Bye Bye, Columbus Day

Several weeks ago the Brown University faculty ratified a student petition demanding that the university abandon its recognition of Columbus Day. The directive was enacted by Brown's Native American student group, whose spokesmen defend their activism by pointing out the atrocities committed by Christopher Columbus and his men upon the indigenous people of the newly discovered continent. Some have suggested that the holiday be renamed Indigenous Day, but for now Brown has decided to settle for Fall Weekend -- a weekend in which Brown students and professors will still enjoy a Monday off from work.

Now that Brown University has set new moral standards for preserving traditional namesakes, some are wondering if Brown students will petition to scratch the name of a slave-trading family from the face of their university.

Or will they look into the misdeeds of Martin Luther King Jr. in an attempt to save the nation from commemorating anyone who may have blemishes on his moral record? Will there now be an academic investigation into the countless atrocities committed by Native Americans, prompting the removal of tribal names from casinos and other landmarks?

Probably not. But nobody expects consistency from liberals anymore anyway.

Of course, academic effort to clarify history is a laudable activity, which is exactly the sort of innocence Brown activists are currently shrouding themselves in. We are merely correcting the record and then asking if it is appropriate to hold Christopher Columbus in such high esteem.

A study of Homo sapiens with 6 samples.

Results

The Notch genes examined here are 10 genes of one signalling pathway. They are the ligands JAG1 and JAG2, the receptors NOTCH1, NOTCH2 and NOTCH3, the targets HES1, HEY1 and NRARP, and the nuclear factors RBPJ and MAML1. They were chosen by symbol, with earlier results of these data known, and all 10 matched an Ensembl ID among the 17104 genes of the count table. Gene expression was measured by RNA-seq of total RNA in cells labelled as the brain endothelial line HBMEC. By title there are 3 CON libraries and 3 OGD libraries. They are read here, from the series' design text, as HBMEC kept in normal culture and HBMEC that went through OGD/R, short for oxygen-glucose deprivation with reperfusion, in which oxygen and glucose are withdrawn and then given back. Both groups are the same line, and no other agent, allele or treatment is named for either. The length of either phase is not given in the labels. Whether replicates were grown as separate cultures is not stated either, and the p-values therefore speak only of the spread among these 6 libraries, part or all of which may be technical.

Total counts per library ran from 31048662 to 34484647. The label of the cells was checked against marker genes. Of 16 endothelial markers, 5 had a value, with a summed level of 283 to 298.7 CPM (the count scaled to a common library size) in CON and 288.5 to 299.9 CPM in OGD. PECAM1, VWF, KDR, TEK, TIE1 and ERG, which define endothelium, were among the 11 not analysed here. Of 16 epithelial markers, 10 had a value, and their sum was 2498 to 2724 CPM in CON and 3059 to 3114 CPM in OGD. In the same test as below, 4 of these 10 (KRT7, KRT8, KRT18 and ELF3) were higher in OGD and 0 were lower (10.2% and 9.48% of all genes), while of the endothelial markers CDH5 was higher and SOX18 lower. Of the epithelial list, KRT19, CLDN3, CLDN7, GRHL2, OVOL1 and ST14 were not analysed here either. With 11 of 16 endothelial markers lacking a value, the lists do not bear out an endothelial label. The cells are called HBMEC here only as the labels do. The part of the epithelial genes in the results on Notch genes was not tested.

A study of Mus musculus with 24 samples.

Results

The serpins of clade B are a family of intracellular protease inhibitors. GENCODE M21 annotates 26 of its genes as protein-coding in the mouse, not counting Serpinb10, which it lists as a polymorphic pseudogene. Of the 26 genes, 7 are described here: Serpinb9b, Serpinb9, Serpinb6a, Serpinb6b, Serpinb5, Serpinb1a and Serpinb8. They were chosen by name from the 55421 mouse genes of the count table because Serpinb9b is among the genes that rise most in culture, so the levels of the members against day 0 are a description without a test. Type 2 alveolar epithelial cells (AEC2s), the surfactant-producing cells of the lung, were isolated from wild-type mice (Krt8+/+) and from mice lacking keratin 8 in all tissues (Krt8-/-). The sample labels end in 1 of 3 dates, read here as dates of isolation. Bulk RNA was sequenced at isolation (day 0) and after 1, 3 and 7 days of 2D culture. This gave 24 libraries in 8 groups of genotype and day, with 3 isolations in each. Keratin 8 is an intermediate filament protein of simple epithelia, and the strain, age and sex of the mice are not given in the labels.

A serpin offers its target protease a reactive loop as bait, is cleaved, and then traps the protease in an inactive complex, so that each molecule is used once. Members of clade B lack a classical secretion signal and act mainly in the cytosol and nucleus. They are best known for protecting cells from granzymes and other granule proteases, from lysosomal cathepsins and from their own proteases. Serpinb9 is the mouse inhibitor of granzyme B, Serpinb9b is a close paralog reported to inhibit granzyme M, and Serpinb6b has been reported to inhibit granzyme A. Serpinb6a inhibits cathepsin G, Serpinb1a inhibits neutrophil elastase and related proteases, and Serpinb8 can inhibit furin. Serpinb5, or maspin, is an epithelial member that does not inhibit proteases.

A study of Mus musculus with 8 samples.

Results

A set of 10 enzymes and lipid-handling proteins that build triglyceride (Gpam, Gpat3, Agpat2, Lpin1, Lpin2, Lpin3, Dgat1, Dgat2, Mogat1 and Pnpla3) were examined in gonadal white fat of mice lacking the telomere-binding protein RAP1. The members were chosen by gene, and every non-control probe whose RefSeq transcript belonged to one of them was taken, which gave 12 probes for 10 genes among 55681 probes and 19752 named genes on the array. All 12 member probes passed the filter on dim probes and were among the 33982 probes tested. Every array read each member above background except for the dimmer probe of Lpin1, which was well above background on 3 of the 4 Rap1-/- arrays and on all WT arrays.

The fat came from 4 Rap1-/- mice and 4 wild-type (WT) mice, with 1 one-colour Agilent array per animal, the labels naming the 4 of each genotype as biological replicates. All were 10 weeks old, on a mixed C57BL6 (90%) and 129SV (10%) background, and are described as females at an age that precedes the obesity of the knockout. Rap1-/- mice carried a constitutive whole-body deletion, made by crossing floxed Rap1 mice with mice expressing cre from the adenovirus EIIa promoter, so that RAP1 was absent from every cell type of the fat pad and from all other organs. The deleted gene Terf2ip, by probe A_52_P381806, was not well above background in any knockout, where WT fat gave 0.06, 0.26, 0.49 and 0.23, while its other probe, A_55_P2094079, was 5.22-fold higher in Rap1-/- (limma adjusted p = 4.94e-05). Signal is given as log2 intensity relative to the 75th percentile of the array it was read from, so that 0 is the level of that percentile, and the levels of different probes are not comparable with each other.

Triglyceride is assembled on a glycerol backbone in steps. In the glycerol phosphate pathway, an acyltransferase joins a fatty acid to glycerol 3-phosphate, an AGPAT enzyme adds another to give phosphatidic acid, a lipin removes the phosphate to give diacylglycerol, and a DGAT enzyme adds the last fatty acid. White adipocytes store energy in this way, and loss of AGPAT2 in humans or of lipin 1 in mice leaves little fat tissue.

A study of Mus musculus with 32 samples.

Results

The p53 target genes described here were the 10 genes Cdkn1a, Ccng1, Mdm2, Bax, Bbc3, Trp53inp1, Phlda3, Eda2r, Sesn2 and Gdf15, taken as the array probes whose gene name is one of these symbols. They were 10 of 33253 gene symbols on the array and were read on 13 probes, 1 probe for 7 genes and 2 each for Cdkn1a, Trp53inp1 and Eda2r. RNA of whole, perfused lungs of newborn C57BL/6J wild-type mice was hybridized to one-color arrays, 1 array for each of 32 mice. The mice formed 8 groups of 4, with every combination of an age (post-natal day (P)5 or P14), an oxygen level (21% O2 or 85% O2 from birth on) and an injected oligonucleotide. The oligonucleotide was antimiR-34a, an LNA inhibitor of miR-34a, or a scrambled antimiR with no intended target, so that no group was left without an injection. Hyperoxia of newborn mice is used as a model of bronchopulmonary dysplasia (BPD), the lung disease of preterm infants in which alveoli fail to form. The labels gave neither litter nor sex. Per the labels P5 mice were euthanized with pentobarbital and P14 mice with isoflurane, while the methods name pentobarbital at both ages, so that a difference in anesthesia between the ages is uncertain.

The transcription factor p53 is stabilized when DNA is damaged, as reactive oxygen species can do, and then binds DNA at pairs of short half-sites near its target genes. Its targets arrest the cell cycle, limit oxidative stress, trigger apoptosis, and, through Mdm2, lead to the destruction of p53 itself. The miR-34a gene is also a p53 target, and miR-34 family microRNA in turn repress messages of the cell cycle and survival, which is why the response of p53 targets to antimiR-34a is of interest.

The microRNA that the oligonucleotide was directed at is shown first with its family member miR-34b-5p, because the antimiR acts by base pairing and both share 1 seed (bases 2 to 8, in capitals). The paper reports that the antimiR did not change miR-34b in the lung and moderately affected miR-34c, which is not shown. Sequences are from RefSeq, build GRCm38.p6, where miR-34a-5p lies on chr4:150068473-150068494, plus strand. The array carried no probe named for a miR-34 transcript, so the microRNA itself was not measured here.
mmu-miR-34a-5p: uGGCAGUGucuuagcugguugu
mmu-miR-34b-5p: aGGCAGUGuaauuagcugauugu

Fine. But more bothersome than whether or not Columbus' name deserves enshrinement is the driving force behind liberals' odd propensity to obsess over the transgressions of America's traditional heroes.

Vilifying the American heritage is what passes as "progressive" and "enlightened" at Brown because it is an intellectual stance that stems from the university's multicultural lesson -- the politically correct teaching that commands students to recognize the worth of every society except their own, to honor and respect people of every race and creed except for whites and conservatism.

As the Brown Daily Herald recently editorialized, "White people, ranging from European colonizers to the government of the United States, have committed innumerable brutal offenses against Native Americans over the past 500 years. Honoring Columbus with a holiday glosses over a racist, blood-stained facet of our history and glamorizes the past as victorious manifest destiny."

The Brown Daily Herald did not print this passage to be inflammatory. This is commonplace at Brown. This is Tuesday.